Depending on how you look at it, a Super Bowl with snow is an absolute disaster or exactly what it should be. We are six months away from finding out just how bad it could be if Jack Frost shows up on February 2nd. If we are to believe the Farmer’s Almanac, which claims to have an 80% accuracy with its forecasts, we are in for a snow bowl at the big game.
The 197-year-old publication that hits newsstands Monday predicts a winter storm will hit the Northeast around the time the Super Bowl is played at MetLife Stadium in the Meadowlands in New Jersey. It also predicts a colder-than-normal winter for two-thirds of the country and heavy snowfall in the Midwest, Great Lakes and New England.
Not only is the publication predicting a snow storm, but extreme cold at the time of the game. If proven to be correct, it certainly would be the first Super Bowl that anyone can remember to be truly played in the elements that are much more accustomed to football.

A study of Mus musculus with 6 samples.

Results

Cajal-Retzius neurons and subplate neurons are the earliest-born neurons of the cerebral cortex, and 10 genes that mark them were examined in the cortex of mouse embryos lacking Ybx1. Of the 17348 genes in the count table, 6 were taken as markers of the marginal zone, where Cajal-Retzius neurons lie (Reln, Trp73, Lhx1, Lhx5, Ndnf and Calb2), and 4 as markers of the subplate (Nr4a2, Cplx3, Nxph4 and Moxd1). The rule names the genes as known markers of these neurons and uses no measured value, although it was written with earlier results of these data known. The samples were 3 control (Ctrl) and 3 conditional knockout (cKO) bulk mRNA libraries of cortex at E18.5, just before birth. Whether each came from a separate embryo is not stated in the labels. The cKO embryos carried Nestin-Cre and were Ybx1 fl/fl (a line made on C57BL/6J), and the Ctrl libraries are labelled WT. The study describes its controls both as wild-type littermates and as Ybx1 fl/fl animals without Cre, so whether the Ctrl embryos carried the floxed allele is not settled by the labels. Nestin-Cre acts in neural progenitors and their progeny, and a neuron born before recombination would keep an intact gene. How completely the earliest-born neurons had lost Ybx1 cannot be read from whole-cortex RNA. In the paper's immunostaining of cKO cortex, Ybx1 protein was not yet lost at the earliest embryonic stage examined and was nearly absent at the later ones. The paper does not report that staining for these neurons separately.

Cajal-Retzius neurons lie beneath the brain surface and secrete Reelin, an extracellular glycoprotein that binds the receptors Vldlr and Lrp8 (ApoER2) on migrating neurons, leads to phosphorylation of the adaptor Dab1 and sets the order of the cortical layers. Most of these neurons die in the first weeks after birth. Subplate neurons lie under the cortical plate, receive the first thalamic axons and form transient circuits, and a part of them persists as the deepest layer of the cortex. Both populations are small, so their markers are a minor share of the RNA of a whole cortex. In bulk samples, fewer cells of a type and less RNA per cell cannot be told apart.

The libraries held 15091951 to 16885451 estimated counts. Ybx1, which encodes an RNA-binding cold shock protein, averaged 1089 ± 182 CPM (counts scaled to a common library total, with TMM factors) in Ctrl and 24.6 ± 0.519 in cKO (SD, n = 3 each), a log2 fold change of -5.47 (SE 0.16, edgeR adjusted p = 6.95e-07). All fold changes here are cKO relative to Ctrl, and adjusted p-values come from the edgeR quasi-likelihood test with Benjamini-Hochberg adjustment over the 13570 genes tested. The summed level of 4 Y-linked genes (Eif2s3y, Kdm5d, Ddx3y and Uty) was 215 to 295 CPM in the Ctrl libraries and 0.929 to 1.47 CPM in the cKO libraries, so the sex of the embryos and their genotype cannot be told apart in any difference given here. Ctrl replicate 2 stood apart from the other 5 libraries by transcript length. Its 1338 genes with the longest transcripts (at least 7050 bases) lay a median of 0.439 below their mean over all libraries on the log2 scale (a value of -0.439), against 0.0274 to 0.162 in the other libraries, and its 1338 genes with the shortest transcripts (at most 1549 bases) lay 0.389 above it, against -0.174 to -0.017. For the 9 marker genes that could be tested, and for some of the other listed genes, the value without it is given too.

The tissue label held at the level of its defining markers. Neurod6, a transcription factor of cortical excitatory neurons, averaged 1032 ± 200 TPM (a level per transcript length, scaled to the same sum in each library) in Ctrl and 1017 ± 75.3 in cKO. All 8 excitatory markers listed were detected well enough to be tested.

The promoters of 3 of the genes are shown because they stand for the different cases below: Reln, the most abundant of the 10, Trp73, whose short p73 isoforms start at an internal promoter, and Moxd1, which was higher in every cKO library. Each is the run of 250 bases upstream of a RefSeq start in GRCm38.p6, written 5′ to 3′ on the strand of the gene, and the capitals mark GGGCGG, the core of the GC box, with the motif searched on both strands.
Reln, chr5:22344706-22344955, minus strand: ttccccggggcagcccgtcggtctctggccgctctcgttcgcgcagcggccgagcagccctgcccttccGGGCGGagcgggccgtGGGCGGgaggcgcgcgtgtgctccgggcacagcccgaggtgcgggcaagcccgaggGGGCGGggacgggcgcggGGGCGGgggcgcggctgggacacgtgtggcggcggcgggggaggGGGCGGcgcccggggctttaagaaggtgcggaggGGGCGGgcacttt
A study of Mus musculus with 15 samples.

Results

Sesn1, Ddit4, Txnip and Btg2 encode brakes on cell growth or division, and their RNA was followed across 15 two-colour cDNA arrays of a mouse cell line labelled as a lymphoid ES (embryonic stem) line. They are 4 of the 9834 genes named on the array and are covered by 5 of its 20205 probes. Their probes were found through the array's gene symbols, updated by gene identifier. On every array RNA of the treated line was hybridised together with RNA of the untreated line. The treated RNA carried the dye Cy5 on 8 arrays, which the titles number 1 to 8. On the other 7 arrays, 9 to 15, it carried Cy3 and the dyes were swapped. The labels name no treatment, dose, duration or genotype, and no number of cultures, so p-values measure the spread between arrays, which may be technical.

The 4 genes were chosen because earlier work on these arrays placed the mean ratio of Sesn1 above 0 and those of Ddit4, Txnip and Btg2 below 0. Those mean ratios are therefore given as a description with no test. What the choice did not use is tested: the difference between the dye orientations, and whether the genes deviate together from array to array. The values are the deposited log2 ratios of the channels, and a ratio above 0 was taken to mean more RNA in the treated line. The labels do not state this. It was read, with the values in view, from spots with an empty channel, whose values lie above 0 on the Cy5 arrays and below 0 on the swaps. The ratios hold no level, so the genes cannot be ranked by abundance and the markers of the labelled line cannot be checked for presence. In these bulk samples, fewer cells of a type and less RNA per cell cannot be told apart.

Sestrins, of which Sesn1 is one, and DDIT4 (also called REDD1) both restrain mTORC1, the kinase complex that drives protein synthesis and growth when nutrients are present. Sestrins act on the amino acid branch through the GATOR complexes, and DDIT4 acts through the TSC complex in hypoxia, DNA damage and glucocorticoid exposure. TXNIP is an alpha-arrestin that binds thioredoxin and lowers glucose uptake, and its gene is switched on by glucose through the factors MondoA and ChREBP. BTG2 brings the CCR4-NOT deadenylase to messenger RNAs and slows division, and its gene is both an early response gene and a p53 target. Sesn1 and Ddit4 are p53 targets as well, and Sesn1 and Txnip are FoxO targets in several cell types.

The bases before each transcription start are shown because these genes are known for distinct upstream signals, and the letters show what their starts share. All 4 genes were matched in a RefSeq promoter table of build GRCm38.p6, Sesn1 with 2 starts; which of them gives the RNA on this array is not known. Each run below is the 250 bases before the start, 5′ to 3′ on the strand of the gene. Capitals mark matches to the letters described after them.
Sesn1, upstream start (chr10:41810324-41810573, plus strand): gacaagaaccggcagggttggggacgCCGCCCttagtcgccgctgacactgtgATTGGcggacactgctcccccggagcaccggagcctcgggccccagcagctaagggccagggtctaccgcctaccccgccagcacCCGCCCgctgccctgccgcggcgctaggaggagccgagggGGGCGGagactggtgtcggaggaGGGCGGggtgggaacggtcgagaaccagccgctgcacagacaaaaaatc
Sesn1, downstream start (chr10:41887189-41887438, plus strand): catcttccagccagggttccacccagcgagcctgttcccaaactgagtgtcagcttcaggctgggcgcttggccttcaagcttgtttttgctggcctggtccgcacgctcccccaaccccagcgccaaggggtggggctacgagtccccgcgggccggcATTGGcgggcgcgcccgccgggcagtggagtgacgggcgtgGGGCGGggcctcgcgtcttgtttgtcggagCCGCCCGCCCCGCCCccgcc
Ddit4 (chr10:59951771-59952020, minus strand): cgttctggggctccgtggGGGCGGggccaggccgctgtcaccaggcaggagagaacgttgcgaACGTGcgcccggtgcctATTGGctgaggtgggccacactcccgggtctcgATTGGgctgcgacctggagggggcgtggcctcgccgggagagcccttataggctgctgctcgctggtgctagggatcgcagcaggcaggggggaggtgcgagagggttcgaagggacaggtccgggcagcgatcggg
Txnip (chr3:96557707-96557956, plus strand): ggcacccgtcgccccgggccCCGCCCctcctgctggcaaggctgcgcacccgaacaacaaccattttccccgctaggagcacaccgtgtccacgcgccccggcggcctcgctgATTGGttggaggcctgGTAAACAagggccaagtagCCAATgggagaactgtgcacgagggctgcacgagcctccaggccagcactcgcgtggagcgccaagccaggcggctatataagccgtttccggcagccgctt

Scientists don’t put much stock into the formula that the Alamanac uses, and their accuracy stems much more from their overall look at the seasons, and not the particular dates.
When Roger Goodell officially announced that New York/New Jersey would host the Super Bowl 48, most fans groaned about the decision. Many believe that severe weather shouldn’t play into impact on a game. There are others that believe that this is what real football is all about. I say, forget the game.
The biggest concerns should be about the week leading up to the Super Bowl, and what bad weather could do to all the events that fans typically attend. Bad weather would most certainly keep the locals in their homes, and it might keep others from traveling out into an area they aren’t familiar with. Couple that with the possibility of bad traffic the day of the game. As resourceful as the NYC-area is in terms of snow removal, it can become paralyzed due to Mother Nature’s power.